E-authentication gains ground in agencies

Agencies slowly are warming up to using electronic signatures and other forms of electronic verification as a part of their everyday business.

The Treasury Department is piloting a smart-card program for electronic and physical access, CIO Drew Ladner said last week at an e-government conference sponsored by Federal Sources Inc. of McLean, Va., and Potomac Forum Ltd. of Potomac, Md.

And the Environmental Protection Agency is working on a final rule to let state governments and private companies submit mandatory environmental reports electronically, said Wendy Cleland-Hamnett, who works in the agency's CIO's office and is responsible for EPA's Government Paperwork Elimination Act reporting.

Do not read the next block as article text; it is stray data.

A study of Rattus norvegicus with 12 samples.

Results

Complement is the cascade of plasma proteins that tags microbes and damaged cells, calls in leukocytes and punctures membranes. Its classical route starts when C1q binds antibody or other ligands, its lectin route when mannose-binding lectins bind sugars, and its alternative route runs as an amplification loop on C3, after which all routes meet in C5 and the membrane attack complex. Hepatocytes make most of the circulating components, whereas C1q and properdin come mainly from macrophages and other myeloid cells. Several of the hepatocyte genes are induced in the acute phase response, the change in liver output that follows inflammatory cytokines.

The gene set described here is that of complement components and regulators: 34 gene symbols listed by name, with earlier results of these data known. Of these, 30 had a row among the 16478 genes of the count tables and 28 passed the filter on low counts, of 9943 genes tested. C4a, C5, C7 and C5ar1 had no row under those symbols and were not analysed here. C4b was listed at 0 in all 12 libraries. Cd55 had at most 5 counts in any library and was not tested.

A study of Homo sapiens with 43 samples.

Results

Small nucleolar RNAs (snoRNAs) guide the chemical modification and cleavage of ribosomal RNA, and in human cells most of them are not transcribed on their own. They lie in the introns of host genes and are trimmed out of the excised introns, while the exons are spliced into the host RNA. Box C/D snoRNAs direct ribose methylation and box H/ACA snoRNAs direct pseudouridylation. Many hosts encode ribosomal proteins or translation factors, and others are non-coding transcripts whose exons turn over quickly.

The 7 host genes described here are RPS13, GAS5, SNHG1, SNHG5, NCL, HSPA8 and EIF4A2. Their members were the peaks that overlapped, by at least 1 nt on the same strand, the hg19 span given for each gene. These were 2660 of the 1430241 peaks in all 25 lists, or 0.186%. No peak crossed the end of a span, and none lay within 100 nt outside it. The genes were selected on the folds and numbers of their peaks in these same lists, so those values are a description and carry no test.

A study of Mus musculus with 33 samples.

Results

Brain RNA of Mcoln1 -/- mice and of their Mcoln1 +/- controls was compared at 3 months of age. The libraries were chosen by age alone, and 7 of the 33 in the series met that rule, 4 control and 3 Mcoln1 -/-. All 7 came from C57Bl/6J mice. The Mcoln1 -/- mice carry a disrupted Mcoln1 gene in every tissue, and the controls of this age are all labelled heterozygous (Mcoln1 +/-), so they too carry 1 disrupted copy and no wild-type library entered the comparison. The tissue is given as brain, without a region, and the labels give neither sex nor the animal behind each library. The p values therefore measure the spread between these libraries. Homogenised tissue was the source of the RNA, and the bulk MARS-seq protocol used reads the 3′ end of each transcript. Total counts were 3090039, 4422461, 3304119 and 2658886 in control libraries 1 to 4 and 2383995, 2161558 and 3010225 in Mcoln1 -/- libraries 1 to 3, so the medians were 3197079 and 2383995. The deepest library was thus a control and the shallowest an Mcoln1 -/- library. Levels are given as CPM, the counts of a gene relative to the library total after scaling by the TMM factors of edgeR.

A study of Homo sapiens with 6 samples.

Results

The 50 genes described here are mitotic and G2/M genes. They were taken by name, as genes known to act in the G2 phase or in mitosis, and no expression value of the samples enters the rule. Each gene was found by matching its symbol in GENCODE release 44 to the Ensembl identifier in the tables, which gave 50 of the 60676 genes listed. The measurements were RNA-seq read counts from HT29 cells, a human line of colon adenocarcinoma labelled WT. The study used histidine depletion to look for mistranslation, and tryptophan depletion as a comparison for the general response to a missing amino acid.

'We have been working on this for a number of years and hope to have it out by this fall,' Cleland-Hamnett said. 'We are trying to ensure we can trace the signature back to the person in cases of civil or criminal liability.'

EPA is considering using a public-key infrastructure with a PIN and password to authenticate a user through the federal e-authentication gateway, she said.

Treasury's test program is for a selected set of employees, and it also is integrated with the agency's PKI deployment, Ladner said.

'We want to ensure convergence with the e-authentication gateway,' Ladner said. 'We are aligning the level of risk with the security needed.'

The test will continue into the fall, and then Treasury will evaluate the results, Ladner said.

'We are interested in looking at different authentication services and what value they can provide,' he added.